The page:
The Right of a Church to Excommunicate


I hope this comment shines some light and clarity on a muddied media message that a pro-feminist media have embellished and distorted.  It is comment #58 in that Times and Seasons article:

I’m sorry that this has happened to Kate Kelly, and I can only understand how difficult this is for this LDS woman and those who agree with her. But I have a different perspective on it. Here’s my view on this action: A church is required to register as a 501 c 3 under state and federal corporate laws. That requires a constitution and bylaws with definitions of membership and removal and dissolution of corporation, etc.

In the corporate world, these constitutions can vary, but that corporation, if it is privately held, regulates who the voting membership is and what the rules of disengagement are. It’s not unusual that those bylaws stipulate “without cause.” Private corporations are not required to function as a court of law. That is the right of a corporation and those that have been elected to the board, whose function is a fiduciary duty.

The problem here is that when an individual who identifies and is accepted as a voting member is at odds with the bylaws and the goals of that corporation, that corporation has the right to remove its members, especially if they deliberately seek media to disparage that corporation.

Imagine if a voting shareholder of a privately owned company such as Hobby Lobby had gone to the media and proclaimed it was at odds with the owners’ views on abortion and was using the media to lobby for change. Frankly, the Green’s, who own that company and the board members who have a majority stake in it, have every right to remove that person as a shareholder. They own the brand, the “imprimatur.” The employees or voting members do not.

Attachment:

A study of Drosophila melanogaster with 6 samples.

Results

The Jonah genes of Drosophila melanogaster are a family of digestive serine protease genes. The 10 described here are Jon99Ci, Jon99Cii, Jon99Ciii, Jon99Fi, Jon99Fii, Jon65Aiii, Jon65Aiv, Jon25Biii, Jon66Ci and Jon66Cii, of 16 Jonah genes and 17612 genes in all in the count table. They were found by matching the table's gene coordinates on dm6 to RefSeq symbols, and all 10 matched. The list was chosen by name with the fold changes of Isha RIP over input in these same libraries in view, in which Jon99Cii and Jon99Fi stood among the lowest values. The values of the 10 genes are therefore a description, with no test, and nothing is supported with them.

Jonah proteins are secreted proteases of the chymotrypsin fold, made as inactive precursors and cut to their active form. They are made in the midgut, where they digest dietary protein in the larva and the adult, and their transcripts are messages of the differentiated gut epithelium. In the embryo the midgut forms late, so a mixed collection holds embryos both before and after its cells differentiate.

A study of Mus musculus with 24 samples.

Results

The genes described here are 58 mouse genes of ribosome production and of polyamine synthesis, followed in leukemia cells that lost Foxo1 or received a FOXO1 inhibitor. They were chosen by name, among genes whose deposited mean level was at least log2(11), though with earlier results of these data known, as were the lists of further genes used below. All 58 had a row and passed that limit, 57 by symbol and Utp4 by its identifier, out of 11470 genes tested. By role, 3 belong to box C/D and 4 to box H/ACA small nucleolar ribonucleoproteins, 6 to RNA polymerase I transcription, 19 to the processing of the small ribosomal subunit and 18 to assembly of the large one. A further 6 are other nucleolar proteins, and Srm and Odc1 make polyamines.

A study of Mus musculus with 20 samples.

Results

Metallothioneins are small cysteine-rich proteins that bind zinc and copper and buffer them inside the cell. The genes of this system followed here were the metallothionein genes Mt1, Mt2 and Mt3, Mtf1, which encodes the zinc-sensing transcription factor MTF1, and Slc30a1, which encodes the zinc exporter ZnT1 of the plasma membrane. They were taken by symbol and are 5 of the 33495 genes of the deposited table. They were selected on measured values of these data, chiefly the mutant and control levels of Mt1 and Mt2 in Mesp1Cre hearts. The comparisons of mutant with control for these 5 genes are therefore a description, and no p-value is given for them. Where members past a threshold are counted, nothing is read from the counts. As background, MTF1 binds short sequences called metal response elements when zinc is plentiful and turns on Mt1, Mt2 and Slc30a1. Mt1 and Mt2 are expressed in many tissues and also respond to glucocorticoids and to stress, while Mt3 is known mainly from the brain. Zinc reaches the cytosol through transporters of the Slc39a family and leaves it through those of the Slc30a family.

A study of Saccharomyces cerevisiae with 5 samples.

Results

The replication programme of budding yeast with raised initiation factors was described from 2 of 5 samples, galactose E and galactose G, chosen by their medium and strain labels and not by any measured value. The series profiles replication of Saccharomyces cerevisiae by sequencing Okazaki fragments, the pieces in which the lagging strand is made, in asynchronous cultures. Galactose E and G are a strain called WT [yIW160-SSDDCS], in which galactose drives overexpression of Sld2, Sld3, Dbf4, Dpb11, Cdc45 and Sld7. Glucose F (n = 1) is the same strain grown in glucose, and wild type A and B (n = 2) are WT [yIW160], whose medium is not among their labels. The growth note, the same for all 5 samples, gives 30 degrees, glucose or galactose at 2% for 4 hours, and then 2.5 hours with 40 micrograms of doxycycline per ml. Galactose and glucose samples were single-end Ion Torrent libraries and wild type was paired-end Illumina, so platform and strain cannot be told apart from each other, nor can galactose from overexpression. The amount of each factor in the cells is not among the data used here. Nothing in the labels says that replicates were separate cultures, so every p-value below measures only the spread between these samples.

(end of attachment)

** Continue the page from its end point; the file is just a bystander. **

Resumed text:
On another level, I simply disagree with the myopic view some disgruntled women have of the role of women in the LDS church. This is an attitude issue. The LDS Church has done everything it can do to suggest, encourage, urge its members to treat each other fairly, men and women in marriage especially.

People – including lay leaders of any organization, church, company – are not perfect. Life is simply not fair. People will treat others unfairly. How we respond makes the difference. I have not always been treated fairly, but I have chosen to ignore the unfairness, and to go about making my own success and to laugh it off. That has empowered me. My mother taught me to just “let it go” and to “just go on.” She taught me that I could be and do and accomplish great things and to not let negativism or what negatives others give me define me.

Attitude makes all the difference. I choose not to be a victim. I choose to be a victor. I choose to take adversity and turn it into advantage. For me, the sky’s the limit. It boils down to some additional cliches: It’s an attitude of gratitude. Do you see that glass half full or half empty? How will you live your life?

For Kate and others I’ve watched before her, the victim role has not had a good outcome.